A KNITWEAR producer has been granted a street trader licence to sell goods from a van in two locations in Lerwick after her application was heard again in front of councillors.
However, BAKKA’s Mary Macgregor was not granted a licence to trade from her preferred site at Irvine Place due to its proximity to shops selling knitwear.
The two sites she has been granted a licence for are Charlotte Place opposite the Esplanade bus shelter and Burns Walk, but Macgregor said the latter had previously been ruled out.
Members of Shetland Islands Council’s licensing committee met on Monday to reconsider the application after Macgregor successfully took last year’s refusal to Lerwick Sheriff Court.
There was some confusion among the applicant and some councillors at Monday’s meeting, however, over whether they were reconsidering the decision to refuse or reconsidering the application in general.
Shetland Islands Council’s legal team said it was the latter – with Macgregor saying she had assumed the former.
The licensing committee turned down the original application last year – in particular the location at Irvine Place – in view of a piece of policy which prohibits street traders from selling goods of the “same or similar class and description” as shops within 50 metres.
This is something Macgregor disputed, saying her Fair Isle work was unlike other knitwear goods sold on the street.
The committee had called for an “early review” of the 50m policy when refusing the application last year, but the council’s environmental health team said in January it did not need to be updated.
Macgregor currently trades from a stall at Harrison Square in the summer months but she wishes to sell goods from a van instead in times of peak tourist activity.
She originally applied to trade from three locations in the heart of Lerwick, but Irvine Place opposite the Bank of Scotland was her preferred site.
The street trading application received four representations/objections, including from local retailers in areas surrounding Irvine Place selling knitwear and also the town centre organisation Living Lerwick.
At Monday’s meeting Macgregor reiterated that she wished to trade from a van to so that she could focus on demand.
“My business model is a completely different business model to what you might have seen so far in Shetland,” she said.
“Mobility is very important to my business. I go where the people are – that’s my philosophy.”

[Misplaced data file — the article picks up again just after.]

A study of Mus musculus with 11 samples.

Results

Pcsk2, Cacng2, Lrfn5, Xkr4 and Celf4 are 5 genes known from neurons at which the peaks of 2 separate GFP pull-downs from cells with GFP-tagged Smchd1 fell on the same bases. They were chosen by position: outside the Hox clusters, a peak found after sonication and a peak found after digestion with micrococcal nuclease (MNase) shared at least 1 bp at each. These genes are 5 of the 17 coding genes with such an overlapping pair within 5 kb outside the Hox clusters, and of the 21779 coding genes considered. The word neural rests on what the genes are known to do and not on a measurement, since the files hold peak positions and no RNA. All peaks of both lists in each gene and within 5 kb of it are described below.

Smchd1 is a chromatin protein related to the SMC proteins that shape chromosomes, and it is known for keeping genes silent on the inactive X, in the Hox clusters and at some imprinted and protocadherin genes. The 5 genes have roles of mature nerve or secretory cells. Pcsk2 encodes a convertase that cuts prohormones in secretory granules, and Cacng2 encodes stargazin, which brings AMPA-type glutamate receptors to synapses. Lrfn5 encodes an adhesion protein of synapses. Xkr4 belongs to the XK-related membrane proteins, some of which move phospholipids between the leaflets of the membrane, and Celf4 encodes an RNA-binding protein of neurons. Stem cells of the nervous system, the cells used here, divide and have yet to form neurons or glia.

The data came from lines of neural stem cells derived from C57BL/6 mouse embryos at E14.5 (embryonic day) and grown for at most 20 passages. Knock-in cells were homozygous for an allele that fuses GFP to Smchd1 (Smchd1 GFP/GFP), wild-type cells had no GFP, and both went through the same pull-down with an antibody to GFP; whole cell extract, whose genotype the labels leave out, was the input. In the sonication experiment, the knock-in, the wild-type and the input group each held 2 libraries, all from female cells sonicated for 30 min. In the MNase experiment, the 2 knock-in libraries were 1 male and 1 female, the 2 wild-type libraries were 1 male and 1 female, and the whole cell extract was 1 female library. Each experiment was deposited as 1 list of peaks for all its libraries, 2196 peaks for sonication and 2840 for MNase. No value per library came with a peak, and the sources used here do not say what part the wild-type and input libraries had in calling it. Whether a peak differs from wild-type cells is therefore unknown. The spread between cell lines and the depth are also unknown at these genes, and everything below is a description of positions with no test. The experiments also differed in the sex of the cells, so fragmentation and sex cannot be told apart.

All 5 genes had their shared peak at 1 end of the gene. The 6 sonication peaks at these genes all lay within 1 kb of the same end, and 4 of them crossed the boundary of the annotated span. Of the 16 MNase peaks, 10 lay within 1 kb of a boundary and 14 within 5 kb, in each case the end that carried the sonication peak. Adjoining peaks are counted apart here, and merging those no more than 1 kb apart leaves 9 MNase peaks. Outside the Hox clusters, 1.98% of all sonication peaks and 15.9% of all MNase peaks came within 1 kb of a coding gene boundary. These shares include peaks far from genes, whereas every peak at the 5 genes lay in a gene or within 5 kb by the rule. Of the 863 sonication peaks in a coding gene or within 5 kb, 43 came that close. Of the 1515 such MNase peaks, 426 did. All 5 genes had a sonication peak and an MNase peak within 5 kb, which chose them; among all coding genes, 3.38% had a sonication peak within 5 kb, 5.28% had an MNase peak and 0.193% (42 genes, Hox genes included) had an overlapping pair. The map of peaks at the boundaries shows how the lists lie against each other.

Macgregor, who has taken the van to trade fairs south, added that opening a shop “is not financially viable” for her.
Lerwick North councillor Malcolm Bell asked Macgregor if she understood the logic behind other shops objecting to her application.
“They are objecting because they are very jealous of my success,” she replied, before claiming they think she is “stealing” sales.
South mainland member George Smith, meanwhile, sought clarity on the committee being asked to “reconsider the decision to refuse the application”.
“I can understand why Dr Macgregor might be confused,” he said.
SIC lawyer Paul Wishart referred to Sheriff Ian Cruickshank’s ruling on the appeal, which said the case would be referred back to the committee for reconsideration of their decision.
As the meeting moved to debate, Bell said there needs to be a balance struck between “bricks and mortar” shops and street traders in Lerwick.
He moved to refuse the application on the grounds of the 50m policy, which Lerwick South’s Stephen Flaws seconded.
North Mainland councillor Alastair Cooper, however, sought to amend the motion to remove site A – Irvine Place – from consideration, which was approved.
Speaking after the meeting, Macgregor admitted she was left unsure over the wording of the report in front of councillors.
“There was confusion as to what reconsider means,” she said.
Macgregor added that site C – near Harry’s – could present problems with manoeuvring the van in and out of the space.
The knitwear producer, meanwhile, recently launched another appeal after being refused planning permission to site the van at Irvine Place to allow her to sell outwith the 28 days a year a street trader licence allows.